Friends Committee on National Legislation – 2004-11-12 09:11:33
As soon as Wednesday, November 17, the full Senate Appropriations Committee may vote on whether to fund new nuclear weapons for fiscal year 2005.
The committee is expected next week to take up an “omnibus” appropriations bill. An omnibus appropriations bill takes the place of the unfinished appropriations bills and is expected to include funding for the nuclear weapons program.
The Bush administration has asked Congress for $27.6 million to continue a study on the Robust Nuclear Earth Penetrator (RNEP), or nuclear “bunker buster,” and $9 million for the Advanced Concepts Initiative for new nuclear weapons.
Sen. Dianne Feinstein (CA) intends to offer an amendment in committee to delete the funds for new nuclear weapons. The amendment is unlikely to pass. However, the bill will then quickly go to a House-Senate conference committee, which is expected to complete its work before Christmas.
The House earlier zeroed out new nuclear weapons funding and may insist on doing so in conference committee. A partial or complete victory for nuclear restraint is possible in the final bill coming out of the conference committee. The result will depend in part on how much opposition Senate Appropriations Committee members hear from their constituents.
• Please contact your two senators today, especially if either is on the Senate Appropriations Committee. You can view this list on our web site by following this link. Or, you can go to http://capwiz.com/fconl/dbq/officials/, click on “Congressional Directory,” and then select the Senate Appropriations Committee from the drop-down list.
Urge them to oppose funds for new nuclear weapons in the omnibus appropriations bill. Tell them that new nuclear weapons will not make the world more secure. Developing new nuclear weapons will send the wrong signal to the rest of the world that nuclear weapons are usable. In the long run, pursuing new nuclear weapons will undermine US security.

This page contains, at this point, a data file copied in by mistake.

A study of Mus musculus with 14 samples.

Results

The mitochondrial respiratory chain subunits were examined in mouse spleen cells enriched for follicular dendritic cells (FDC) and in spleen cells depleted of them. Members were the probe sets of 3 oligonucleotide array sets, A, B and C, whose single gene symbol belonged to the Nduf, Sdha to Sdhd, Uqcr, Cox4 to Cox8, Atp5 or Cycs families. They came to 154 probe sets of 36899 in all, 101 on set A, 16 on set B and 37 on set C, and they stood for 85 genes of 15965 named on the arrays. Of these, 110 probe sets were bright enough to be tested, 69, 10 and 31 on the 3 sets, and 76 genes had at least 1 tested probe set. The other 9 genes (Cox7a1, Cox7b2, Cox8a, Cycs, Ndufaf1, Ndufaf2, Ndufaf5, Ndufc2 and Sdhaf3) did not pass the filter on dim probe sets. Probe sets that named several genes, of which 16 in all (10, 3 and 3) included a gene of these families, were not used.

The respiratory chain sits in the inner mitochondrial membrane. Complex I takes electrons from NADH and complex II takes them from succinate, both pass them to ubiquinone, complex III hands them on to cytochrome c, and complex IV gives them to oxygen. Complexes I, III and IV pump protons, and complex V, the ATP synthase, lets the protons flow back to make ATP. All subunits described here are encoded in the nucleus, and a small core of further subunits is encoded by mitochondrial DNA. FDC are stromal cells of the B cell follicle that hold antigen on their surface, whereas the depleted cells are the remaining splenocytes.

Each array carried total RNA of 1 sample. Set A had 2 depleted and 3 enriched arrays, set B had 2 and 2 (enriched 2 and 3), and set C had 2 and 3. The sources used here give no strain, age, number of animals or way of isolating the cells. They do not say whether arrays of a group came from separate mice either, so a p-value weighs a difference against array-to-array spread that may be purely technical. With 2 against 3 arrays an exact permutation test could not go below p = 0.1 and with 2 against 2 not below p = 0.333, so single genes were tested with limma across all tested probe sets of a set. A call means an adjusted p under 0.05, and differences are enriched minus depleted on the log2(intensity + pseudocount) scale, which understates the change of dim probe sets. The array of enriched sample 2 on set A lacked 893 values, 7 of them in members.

Contacting your congressperson is easy. You can call his or her office in Washington, DC using a phone number listed on our web site. You can also fax or email him or her from FCNL’s web site. Start with the sample letter posted on FCNL’s Legislative Action Center, personalize the language, then send your message directly from our site. To view the sample letter, click on this link: http://capwiz.com/fconl/issues/alert/?alertid=6631026&type=CO
Given the urgency of these issues, we ask that you forward this action alert to 10 or more of your local friends. Every fax, letter, and phone call is important. Thanks for your help!
Some civilian military planners and nuclear scientists are promoting the creation of a new class of earth-penetrating nuclear weapons. These weapons are sometimes referred to as “bunker busters” because they would be designed to burrow into the ground to destroy underground military facilities that are protected by 100 to 300 feet of reinforced concrete or rock.
The Energy Department’s fiscal year 2005 (FY05) budget includes $27.6 million for the Robust Nuclear Earth Penetrator (RNEP). The RNEP would use an existing nuclear weapon, redesigned for use against underground bunkers. It would have explosive power up to 70 times that of the bomb that destroyed Hiroshima.
RNEP proponents claim that, because the weapon penetrates the earth before detonating, it would be a “clean” nuclear weapon. In reality, this would be an extremely deadly weapon. If detonated in an urban setting, tens of thousands of people could receive a fatal dose of radiation within the first 24 hours. More would be killed or injured by the extreme pressures of the blast and thermal injuries arising from the heat of the explosion.
Still more casualties would result from the resulting fires and the collapse of buildings from the seismic shock that the explosion would produce. According to Sen. Jack Reed (RI), Robust Nuclear Earth Penetrators, “are really city breakers, not bunker busters.”
The Bush administration has repeatedly claimed that the RNEP program is a study and nothing more. However, the administration’s intentions regarding RNEP go well beyond their initial claims. Energy Department budget documents show funding for RNEP increasing dramatically after this year.
The initial three-year study was to cost $45 million, but the administration’s proposed spending in the next five years would total nearly $500 million and move RNEP into early development and engineering stages.
The US has rightly criticized Iran and North Korea for their nuclear weapons programs. The U.S. has expressed concerns about the nuclear programs in India and Pakistan. There is also a growing fear that nuclear materials could fall into the hands of a violent extremist group, such as al Qaeda. Yet U.S. criticism rings hollow as the U.S. resumes its own nuclear weapons development programs.
The Bush administration is leading the world down the wrong path. Instead of adhering to our obligations under the nuclear Non-Proliferation Treaty (NPT) by reducing reliance on the most horrific weapons ever created and working for global disarmament, the administration is seeking new uses for nuclear weapons. Adopting such a nuclear posture is a step backward and a virtual invitation for other nations to opt out of their NPT obligations as well.